Today, as every Sunday, I had lunch with my girlfriend's family. As per usual, the chat with her father derailed into politics. Sometimes the conversation gets heated, today was one of those days. To give a little background her father is a "dye-in-the-wool republican," who owns a small business.
We started talking about the proposed East/West Corridor and the misrepresentation of facts by both opponents and proponents. The big seller for this highway is "build it and the jobs will come." I can agree with this to a degree. Jobs will come. They will be in the form of gas station attendents, and fast food workers. These are not skilled labor jobs, thus not good paying jobs. Well let's just say this hit a major nerve.
I was informed that "there should be no minimum wage. That pay should be based on the market." So if the market dictates that someone should only make $5/hour, "well that's what they'll get paid." I was told that the market and supply/demand will even everything out so that pay is relative to area markets, such as real estate, fuel, and grocery. I don't see how this is even close to possible.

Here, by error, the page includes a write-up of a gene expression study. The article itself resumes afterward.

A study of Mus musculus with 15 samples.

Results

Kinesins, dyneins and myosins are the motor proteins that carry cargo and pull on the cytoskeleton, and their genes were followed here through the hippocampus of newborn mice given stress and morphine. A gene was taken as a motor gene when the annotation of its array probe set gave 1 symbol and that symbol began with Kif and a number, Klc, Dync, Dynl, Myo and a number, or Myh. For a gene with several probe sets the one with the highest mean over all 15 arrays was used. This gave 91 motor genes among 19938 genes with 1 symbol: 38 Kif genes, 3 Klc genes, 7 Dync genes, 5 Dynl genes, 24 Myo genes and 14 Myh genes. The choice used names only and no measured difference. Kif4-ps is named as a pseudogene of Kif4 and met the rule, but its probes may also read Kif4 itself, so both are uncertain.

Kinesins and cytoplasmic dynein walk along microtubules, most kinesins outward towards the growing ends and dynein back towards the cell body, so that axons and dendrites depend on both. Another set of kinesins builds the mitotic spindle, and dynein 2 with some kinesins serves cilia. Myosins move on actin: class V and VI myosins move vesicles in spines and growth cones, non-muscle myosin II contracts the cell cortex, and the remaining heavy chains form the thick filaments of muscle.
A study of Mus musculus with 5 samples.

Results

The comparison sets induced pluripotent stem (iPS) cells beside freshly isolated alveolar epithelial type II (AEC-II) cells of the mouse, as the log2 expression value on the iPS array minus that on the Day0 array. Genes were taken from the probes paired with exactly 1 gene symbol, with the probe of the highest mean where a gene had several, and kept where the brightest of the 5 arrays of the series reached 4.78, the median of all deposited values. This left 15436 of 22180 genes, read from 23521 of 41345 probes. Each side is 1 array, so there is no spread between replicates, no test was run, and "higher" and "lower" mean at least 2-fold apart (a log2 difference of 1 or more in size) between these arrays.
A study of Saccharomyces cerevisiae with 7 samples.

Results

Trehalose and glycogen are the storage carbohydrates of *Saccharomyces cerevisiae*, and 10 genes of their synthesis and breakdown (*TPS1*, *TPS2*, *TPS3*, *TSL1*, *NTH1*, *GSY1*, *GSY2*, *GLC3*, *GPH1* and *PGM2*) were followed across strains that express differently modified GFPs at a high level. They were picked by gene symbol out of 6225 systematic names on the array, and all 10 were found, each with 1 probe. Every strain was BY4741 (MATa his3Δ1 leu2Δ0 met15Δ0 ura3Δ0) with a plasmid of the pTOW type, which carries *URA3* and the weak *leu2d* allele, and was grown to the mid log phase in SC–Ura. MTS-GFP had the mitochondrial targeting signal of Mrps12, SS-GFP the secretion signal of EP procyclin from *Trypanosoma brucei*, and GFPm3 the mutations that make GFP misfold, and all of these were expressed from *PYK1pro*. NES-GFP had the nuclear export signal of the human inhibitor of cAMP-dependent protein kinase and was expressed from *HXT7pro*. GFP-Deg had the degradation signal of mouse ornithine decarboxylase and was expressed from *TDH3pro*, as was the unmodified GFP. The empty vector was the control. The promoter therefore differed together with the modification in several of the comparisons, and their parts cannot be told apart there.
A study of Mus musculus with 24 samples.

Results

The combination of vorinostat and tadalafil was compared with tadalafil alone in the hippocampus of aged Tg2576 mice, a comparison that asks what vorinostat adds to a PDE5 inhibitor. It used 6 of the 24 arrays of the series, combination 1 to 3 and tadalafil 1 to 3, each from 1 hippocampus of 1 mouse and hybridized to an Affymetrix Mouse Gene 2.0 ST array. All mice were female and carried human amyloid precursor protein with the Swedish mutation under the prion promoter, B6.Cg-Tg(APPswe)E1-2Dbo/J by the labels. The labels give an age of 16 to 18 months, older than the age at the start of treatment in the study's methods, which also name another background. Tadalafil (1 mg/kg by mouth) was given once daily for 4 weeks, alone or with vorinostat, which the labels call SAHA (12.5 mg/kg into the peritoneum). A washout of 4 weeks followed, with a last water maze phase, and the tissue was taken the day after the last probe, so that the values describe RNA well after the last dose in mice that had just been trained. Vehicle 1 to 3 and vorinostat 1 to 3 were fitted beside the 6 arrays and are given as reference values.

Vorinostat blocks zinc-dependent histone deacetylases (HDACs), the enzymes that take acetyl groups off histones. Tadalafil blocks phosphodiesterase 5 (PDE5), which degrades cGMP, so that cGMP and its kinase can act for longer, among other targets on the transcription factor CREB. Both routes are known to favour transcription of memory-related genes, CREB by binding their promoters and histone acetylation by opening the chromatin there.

My argument went as follows: So, you mean to tell me that your products will cost less if the demand is down? His reply . . . yes. I ask if you receive your product from a warehouse that supplies your store and one in Boston, where demand is obviously greater, is the warehouse going to give you lower prices on your goods because your demand is lower? "Obviously," he says, "no they can't do that." If cost for someone in northern Maine is the same as someone in Metro Boston, how will the market even this out?
I attempted to break this down for him without taken a tuna sandwich to the face: A person living in Boston will need to make more money, because the cost of living is more expensive than Maine. So the cost of goods to business is the same, how can one lower prices as to compete in it's market and still make money? I'm not a business person, but it seems to me that if you can't sell goods because cost is higher than market demand, then you're not going to be in business very long.